We believe in God the Father,
infinite in wisdom, goodness, and love,
and in Jesus Christ, his Son, our Lord and Savior,
who for us and for our salvation lived and died and rose again
and liveth evermore,
and in the Holy Spirit,
who taketh of the things of Christ
and revealeth them to us,
renewing, comforting, and inspiring the souls of men.
We are united in striving to know the will of God
as taught in the Holy Scriptures,
and in our purpose to walk in the ways of the Lord,
made known or to be made known to us.
We hold it to be the mission of the Church of Christ
to proclaim the Gospel to all mankind,
exalting the worship of the one true God,
and laboring for the progress of knowledge,
the promotion of justice, the reign of peace,
and the realization of human brotherhood.
Depending, as did our fathers, upon the continued guidance
of the Holy Spirit to lead us into all truth,
we work and pray for the transformation of the world
into the Kingdom of God,
and we look with faith for the triumph of righteousness,
and the life everlasting.
We believe in the freedom and responsibility
of the individual soul, and the right of private judgment.
We hold to the autonomy of the local church
and its independence of all ecclesiastical control.
We cherish the fellowship of the churches,
united in district, state, and national bodies,
for counsel and cooperation in matters of common concern.
The Wider Fellowship
While affirming the liberty of our churches,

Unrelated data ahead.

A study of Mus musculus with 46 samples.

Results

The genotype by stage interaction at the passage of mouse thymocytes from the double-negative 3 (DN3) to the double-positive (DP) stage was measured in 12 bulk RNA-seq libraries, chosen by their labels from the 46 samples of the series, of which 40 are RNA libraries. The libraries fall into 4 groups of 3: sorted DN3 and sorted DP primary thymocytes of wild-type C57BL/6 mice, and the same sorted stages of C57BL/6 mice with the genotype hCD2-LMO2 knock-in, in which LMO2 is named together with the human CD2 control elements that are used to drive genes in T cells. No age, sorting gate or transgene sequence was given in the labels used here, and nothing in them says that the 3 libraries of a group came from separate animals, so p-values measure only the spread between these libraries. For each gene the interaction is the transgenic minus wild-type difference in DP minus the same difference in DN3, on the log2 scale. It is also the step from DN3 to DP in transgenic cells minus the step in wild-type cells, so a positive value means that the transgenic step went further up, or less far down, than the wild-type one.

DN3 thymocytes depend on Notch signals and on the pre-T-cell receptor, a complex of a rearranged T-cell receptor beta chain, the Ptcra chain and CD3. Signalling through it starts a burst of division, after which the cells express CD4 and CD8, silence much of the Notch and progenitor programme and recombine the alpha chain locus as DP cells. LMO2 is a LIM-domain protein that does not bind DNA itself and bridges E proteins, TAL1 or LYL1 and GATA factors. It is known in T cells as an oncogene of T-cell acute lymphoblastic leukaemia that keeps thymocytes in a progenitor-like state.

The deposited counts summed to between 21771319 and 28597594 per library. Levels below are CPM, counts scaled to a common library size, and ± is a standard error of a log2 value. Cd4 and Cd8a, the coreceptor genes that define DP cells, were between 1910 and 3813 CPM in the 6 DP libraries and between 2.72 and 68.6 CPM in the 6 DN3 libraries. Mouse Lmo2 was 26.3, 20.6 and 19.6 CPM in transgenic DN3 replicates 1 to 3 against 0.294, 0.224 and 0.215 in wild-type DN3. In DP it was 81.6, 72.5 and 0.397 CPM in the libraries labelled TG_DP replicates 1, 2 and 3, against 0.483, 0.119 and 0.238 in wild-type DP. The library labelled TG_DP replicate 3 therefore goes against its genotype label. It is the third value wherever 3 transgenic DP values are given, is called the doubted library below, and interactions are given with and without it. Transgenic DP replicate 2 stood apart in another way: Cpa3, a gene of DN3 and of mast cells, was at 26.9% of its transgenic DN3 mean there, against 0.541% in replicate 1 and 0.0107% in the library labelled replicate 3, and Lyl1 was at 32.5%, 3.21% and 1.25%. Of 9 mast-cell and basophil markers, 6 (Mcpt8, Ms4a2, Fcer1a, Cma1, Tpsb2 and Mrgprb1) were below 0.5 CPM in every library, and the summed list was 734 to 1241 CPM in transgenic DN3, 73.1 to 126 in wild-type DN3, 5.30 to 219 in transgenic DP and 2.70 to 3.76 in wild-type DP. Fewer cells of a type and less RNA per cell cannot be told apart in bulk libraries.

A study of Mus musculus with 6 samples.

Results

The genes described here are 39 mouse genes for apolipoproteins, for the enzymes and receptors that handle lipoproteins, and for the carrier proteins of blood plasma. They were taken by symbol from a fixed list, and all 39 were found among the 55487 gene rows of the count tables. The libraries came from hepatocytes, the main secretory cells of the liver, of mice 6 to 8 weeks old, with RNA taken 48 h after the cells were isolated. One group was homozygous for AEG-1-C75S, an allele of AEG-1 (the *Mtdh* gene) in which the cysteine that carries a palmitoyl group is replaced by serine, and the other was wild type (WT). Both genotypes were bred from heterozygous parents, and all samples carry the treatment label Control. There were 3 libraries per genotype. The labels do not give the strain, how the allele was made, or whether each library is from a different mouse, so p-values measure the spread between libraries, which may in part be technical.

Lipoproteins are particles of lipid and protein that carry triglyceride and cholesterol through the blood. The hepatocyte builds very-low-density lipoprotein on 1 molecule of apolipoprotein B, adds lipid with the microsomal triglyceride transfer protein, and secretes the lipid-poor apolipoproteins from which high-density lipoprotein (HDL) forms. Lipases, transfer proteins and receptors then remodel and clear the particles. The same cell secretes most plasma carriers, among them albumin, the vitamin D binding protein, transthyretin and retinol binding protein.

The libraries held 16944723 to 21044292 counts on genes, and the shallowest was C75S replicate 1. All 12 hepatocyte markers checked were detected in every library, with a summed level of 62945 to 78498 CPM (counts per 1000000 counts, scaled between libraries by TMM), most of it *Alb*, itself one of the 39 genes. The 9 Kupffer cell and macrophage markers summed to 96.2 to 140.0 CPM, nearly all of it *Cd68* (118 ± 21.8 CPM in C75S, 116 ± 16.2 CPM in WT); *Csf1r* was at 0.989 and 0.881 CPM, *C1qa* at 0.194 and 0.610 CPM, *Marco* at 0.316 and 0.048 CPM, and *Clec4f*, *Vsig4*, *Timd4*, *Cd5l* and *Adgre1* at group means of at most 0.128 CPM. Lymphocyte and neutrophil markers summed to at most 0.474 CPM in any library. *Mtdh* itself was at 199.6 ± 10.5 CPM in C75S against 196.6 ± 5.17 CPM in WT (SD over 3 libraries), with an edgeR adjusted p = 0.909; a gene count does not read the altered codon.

and the validity of our ministry,
we hold to the unity and catholicity of the Church of Christ,
and will unite with all its branches in hearty cooperation;
and will earnestly seek, so far as in us lies,
that the prayer of our Lord for his disciples may be answered,
that they all may be one.
The section on "Faith" is from the Book of Worship of the United Church of Christ. The Book of Worship is available from United Church Resources at 800-325-7061.
About this testimony
The Kansas City Statement was the most important affirmation of faith adopted by the Congregational Churches in the 20th century. In 1913, the churches' National Council met in Kansas City to affirm traditional congregationalist principles in a form that would meet the needs of the new century. The preamble of the new Constitution adopted then said the churches sought to reaffirm "the faith which our fathers confessed, which from age to age has found its expression in the historic creeds of the Church universal and of this communion." The Statement's form reflects both classical creeds received by Congregationalists from the catholic (universal) church and the confidence—inherited from the church's Puritan forebears—that God was in control of history and would lead humanity to a reign of justice, community and peace. Written on the eve of World War I, its belief in "the reign of peace," "the realization of human brotherhood" and "the transformation of the world into the Kingdom of God" are particularly poignant. But these are beliefs that echo down to the 21st century, and which the United Church of Christ still holds today—although not in the exclusively masculine terms of 1913.